Friday, November 12, 2021

News and notes

1. The Rittenhouse trial.  Lots of talk about the defendant taking the stand and the tongue lashing that the state is getting throughout the trial.  But how about the judge not understanding how zooming works on an ipad.  Oh boy

The man responsible for overseeing the Kyle Rittenhouse murder trial has some questions about how iPad's pinch-to-zoom feature works, and he’d really like an expert witness to explain it to him. On Wednesday, Judge Bruce Schroeder disallowed Kenosha County prosecutor Thomas Binger from showing evidence on an iPad that would require the use of the built-in zoom feature. The reason? Well, as Judge Schroeder tried and failed to articulate, maybe pinching and zooming, you know, does stuff to change the image?

"What [the defense is] saying, I think, and I know less than anyone in the room, I'm sure, about all of this stuff, but I'm hearing him to say that they are actually artificially inserting pixels into there, which is altering the object which is being portrayed," observed the judge.

This, as anyone who uses a modern smartphone knows, is not how pinch-to-zoom works. But, in the hopes of explaining it to the judge, we reached out to Apple for its thoughts on this technical dilemma.

We received no immediate response. Which is too bad, as Judge Schroeder really wanted someone to explain it to him.

"You're the proponent," he told the prosecutor, "and you need to assure me before I let the jury speculate on it that [pinch-to-zoom] is a reliable method that does not distort what is depicted."

The judge's dumbfounding technical obliviousness kicked off when Rittenhouse’s defense attorney, Mark Richards, also admitted he didn’t understand what he was talking about. You can watch the jaw-dropping exchange, starting around the the 5 hour, 2 minute and 26 second mark, in the below video uploaded by the Washington Post.
"iPads, which are made by Apple, have artificial intelligence in them that allow things to be viewed through three dimensions and logarithms," he told the judge.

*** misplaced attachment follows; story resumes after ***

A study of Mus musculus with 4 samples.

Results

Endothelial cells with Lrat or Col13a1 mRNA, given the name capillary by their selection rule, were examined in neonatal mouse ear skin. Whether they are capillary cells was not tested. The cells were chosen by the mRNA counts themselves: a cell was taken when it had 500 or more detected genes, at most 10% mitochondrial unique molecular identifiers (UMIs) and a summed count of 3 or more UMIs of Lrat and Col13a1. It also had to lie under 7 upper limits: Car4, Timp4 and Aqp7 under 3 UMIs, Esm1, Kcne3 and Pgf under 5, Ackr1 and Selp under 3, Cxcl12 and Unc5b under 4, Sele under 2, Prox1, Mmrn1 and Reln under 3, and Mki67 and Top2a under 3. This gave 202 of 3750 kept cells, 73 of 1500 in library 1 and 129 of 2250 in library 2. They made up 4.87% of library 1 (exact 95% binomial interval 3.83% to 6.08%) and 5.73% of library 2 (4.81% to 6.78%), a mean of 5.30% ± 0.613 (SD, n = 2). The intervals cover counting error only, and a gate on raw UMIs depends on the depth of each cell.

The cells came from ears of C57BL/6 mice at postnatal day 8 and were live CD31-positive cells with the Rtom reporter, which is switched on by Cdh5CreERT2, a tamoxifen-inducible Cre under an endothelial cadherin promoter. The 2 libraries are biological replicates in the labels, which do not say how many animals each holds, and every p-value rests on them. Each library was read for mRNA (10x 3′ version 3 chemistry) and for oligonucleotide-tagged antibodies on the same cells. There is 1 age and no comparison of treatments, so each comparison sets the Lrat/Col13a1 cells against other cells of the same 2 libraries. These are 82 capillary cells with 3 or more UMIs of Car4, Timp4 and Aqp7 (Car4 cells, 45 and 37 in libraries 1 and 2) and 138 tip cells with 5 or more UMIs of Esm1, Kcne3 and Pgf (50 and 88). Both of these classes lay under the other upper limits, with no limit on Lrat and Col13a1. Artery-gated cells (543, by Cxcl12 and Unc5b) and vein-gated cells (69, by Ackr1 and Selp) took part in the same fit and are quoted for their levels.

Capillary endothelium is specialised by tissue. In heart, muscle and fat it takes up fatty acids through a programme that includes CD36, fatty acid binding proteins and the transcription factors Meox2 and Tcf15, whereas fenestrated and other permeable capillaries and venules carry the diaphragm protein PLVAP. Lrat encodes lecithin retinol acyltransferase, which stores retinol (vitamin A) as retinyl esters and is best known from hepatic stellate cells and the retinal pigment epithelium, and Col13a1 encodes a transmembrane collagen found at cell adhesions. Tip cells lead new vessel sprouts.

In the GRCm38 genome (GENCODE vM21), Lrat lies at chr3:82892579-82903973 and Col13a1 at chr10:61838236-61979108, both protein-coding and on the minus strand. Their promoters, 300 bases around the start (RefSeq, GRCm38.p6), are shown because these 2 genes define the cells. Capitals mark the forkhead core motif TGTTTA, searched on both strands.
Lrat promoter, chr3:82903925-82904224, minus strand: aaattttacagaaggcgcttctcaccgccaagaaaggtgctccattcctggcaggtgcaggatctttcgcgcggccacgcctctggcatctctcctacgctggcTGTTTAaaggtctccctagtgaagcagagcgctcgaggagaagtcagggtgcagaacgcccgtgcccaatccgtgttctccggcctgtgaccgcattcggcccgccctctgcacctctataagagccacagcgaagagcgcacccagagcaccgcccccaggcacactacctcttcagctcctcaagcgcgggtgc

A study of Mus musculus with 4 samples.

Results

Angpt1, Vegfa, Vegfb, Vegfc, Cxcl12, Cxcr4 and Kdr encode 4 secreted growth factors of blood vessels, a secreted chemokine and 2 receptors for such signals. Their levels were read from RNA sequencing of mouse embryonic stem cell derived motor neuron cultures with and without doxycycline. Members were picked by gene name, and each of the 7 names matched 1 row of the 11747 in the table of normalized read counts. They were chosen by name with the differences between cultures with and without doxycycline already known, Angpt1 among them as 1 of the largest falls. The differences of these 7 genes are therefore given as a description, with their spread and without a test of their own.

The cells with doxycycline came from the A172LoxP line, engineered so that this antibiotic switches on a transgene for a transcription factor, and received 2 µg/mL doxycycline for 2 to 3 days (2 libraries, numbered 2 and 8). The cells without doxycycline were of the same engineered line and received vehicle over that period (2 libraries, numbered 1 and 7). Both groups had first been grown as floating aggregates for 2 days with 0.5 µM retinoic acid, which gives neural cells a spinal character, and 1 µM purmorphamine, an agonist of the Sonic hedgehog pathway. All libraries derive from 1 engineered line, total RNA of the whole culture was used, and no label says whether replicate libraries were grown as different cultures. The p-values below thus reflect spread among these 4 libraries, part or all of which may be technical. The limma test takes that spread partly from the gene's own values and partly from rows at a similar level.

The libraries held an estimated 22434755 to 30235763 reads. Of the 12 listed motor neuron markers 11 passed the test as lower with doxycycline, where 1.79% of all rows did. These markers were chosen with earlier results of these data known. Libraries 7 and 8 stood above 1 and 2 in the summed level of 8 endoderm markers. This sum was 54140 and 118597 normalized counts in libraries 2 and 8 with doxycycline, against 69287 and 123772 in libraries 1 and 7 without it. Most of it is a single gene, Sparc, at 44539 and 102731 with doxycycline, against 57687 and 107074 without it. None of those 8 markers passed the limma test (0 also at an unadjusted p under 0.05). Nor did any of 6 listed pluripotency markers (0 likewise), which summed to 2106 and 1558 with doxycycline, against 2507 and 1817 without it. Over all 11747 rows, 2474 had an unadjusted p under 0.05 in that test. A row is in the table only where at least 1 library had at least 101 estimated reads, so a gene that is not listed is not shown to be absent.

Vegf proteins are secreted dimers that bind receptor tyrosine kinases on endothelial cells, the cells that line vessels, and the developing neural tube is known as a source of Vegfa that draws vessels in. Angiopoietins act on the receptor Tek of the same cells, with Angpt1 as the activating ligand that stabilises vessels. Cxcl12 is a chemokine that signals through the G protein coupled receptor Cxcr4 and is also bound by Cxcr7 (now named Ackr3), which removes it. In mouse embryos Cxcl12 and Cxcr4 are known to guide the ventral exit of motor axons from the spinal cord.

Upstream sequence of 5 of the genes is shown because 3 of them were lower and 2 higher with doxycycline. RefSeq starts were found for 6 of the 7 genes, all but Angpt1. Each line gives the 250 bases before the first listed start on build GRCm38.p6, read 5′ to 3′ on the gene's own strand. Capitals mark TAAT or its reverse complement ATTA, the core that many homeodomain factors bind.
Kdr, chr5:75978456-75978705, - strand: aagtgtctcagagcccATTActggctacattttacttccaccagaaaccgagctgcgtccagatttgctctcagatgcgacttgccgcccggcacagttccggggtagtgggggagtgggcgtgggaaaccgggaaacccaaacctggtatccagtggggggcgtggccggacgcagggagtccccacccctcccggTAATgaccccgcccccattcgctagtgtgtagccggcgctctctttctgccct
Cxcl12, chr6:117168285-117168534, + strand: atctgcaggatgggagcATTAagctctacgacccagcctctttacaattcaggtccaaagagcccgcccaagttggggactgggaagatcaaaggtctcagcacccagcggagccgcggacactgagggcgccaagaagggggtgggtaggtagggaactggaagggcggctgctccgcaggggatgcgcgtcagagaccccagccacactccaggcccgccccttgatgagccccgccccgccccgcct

Again, this was in service of Richards' effort to prevent the use of pinch-to-zoom.

2. Blogs matter.  Congress is investigating a law clerk's "a history of nakedly racist and hateful conduct."  Jerry Nadler and Hank Johnson have sent the following letter to Chief Justice Roberts.  Footnote 1 of the letter cites to posts at Above the Law about the clerk.

3. Finally, defense lawyers are trying to keep Al Sharpton out of the Ahmaud Arbery trial gallery.  Another oh boy:  

An attorney representing one of three men on trial in the deadly shooting of Ahmaud Arbery made a bizarre request Thursday afternoon when he called for the judge in the case to ban Black pastors from the courtroom gallery.

“We don’t want any more Black pastors coming in here,” Kevin Gough, who represents William “Roddie” Bryan, told the judge before the jury returned from their lunch break.

The Brunswick attorney for the man who recorded the cellphone video of Arbery’s death has repeatedly taken issue with the ongoing demonstrations on courthouse grounds during the widely publicized, racially charged trial.

Gough was referring to an appearance by the Rev. Al Sharpton, who sat in on some of Wednesday’s court proceedings and held a lunchtime prayer vigil outside the courthouse. During his remarks on the courthouse steps, Sharpton criticized the racial composition of the nearly all-white jury overhearing the case, calling it “an insult to the intelligence of the American people.”